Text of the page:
Yes, Stocks are Expensive. So?  

The first lesson in investing from my father, was that you should only buy stocks that have price-to-earnings (P/E) ratios under 10.  Seemed like pretty good advice.  Buying stocks that have lower P/E ratios means that you are buying stocks that are less expensive.  I learned a lot of great financial lessons growing up in a small, rural Michigan town.  One of the biggest lesson was to understand the value of a dollar and always find the best value out there.  So, it comes as no surprise that my father’s first investing lesson was to buy low price, value stocks.  I was taught that the lower the P/E ratio, the better (although I had no idea what the P or the E stood for at the time).  So, shouldn’t I be scared of the current P/E ratio of the S&P 500?  Not yet.  

According to FactSet, the current P/E ratio of the S&P 500 Index is 23, which is nearly 30% higher than the long-term average for the index. Obviously, this means that the stock market is overvalued and no way should you be buying stocks at this level.  Enter Jeff Kleintop, Chief Investment Officer for Charles Schwab and one of the best articles  of the year.  This chart shows how valuations are high, but that doesn’t mean anything for the next year.   

P_E ratio

This chart looks a lot like myself after a day at the driving range.  A lot of random shots, scattered all over the place.  As you can see in the chart, even though the market is expensive, there has been a lot more good years than bad years when the market is this expensive.  In fact, from the article:  

The current MSCI World Index PE ratio is 21.3. Since the inception of the MSCI World Index in 1969, a P/E in the range of +/- 0.5 around 21.3 (20.8 to 21.8) has been followed by a total return of -5% to +45%, with an average return of +17.5%. Though valuations are above average—reflecting the better than average economic and earnings environment, there is no reason to believe stocks couldn’t go higher over the next year and even produce double-digit gains based on nearly 50 years of history, although of course history is no guarantee of future performance.

Yes, markets are expensive, but this doesn’t mean all gloom and doom.  In fact, we should be looking at a pretty good next year in the stock market, if historical data is any guide.   

Still, if you want to be scared of the current P/E valuations, read this Yahoo! Article.  If short-term returns are a scatter shot with really no rhyme or reason, longer-term returns do appear to be more predictable.  Unfortunately, that isn’t such a good thing, given today’s higher valuation.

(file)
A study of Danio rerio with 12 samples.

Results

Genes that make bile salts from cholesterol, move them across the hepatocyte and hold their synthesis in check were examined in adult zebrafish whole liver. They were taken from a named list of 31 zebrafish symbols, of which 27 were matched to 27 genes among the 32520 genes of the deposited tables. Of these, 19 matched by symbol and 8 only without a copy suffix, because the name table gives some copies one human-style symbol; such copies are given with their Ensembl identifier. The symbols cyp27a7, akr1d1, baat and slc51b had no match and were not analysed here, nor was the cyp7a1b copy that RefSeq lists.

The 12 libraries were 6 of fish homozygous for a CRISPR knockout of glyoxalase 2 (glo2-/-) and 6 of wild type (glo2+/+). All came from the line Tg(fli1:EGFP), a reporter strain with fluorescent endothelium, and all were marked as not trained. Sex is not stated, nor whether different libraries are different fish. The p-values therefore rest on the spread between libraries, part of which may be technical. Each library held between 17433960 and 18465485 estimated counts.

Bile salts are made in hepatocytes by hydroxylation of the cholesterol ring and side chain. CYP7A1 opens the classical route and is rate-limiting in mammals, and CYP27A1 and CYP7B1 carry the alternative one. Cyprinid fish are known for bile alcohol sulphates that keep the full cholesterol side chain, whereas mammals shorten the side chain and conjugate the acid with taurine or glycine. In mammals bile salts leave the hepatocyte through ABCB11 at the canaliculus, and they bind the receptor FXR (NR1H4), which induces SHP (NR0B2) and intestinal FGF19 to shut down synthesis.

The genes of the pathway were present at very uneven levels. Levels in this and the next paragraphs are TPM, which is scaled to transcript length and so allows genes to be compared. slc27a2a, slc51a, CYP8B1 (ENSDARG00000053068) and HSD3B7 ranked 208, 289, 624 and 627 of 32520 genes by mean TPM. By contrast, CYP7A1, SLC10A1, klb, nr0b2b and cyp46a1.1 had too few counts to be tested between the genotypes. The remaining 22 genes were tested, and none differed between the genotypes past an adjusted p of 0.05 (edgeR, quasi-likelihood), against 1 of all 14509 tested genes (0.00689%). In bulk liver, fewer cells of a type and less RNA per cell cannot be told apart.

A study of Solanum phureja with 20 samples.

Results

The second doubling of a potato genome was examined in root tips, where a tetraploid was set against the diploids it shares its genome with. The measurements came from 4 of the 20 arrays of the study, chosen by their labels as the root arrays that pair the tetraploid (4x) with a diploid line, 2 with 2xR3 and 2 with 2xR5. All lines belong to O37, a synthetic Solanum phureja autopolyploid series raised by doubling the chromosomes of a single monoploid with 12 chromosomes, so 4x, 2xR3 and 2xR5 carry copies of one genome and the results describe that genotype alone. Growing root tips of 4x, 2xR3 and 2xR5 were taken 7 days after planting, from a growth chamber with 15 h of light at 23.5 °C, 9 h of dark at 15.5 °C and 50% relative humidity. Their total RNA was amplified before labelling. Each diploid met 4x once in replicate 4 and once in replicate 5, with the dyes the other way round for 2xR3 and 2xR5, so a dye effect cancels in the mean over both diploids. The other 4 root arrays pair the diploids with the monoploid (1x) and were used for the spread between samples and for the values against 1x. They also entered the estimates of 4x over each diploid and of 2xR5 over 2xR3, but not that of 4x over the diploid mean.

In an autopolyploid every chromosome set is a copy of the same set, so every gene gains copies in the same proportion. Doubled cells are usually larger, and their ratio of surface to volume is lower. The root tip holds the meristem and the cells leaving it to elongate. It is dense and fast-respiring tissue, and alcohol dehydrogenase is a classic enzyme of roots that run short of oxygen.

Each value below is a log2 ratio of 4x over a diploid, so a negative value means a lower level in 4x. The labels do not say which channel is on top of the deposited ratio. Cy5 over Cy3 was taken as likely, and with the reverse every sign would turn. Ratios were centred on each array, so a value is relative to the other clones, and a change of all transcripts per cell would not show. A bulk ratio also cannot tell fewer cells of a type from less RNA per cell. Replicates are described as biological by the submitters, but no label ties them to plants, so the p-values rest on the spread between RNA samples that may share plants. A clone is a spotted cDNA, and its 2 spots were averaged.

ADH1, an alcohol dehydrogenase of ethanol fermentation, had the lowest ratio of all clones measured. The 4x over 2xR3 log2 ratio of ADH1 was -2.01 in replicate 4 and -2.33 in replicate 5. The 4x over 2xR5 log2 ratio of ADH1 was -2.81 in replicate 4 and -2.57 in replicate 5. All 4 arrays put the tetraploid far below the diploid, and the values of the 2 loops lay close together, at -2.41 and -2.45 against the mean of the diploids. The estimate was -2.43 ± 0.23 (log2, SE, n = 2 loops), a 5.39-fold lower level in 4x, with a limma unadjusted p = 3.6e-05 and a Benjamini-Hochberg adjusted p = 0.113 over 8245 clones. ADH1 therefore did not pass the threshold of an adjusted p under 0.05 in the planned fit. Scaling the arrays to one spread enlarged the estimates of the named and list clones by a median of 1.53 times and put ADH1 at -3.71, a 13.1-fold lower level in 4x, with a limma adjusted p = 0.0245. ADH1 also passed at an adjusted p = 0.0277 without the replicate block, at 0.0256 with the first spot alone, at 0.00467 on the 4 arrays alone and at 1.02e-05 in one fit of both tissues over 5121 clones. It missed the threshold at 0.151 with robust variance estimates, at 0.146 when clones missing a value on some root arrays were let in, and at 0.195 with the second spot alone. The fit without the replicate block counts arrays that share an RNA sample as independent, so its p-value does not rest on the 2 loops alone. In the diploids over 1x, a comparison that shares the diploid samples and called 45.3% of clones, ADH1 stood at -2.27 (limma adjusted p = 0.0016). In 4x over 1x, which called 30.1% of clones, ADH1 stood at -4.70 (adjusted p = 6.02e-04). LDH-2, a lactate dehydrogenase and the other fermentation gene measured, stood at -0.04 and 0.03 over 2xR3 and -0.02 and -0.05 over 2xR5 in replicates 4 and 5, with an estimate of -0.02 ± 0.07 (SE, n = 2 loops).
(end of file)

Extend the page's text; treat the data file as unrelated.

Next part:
10 year p_e ratio.png

The chart above is the forward P/E ratio, which is current price of S&P 500 divided by the next twelve-months earnings estimate.  The current forward P/E ratio of the S&P 500 is roughly 18.  Given the chart above, this means you should expect about a 5% average over the next 10 years.  This is pretty low, given a long-term average of about twice that return.  Given the potential for lower stock returns and ultra-low bond yields, and the next 10 years may be scary for investors.  

At some point the stock market will go down, and you will see that financial pundit bragging about how he timed the market perfectly.  He will bring up the elevated P/E ratio, and mention that he knew it would go down.  At the end of the day though, there is no correlation between the P/E ratio and short-term returns.  I got plenty of calls a year ago from worried clients, stating the high P/E ratio of 20 at the time, meant that we were doomed for a market downturn.  Over the past year, the market has returned over 20%. If you were worried about the high P/E ratio a year ago, you are going to hate where it is today.  The market may be up or down 20% next year, but don’t blame it on the high P/E ratio.  Yes, the market is expensive.  No, that doesn’t mean we are destined for a market correction.  If history continues, next year the P/E ratio will be even higher than it is today, and you will have even more reason to be worried about the stock market.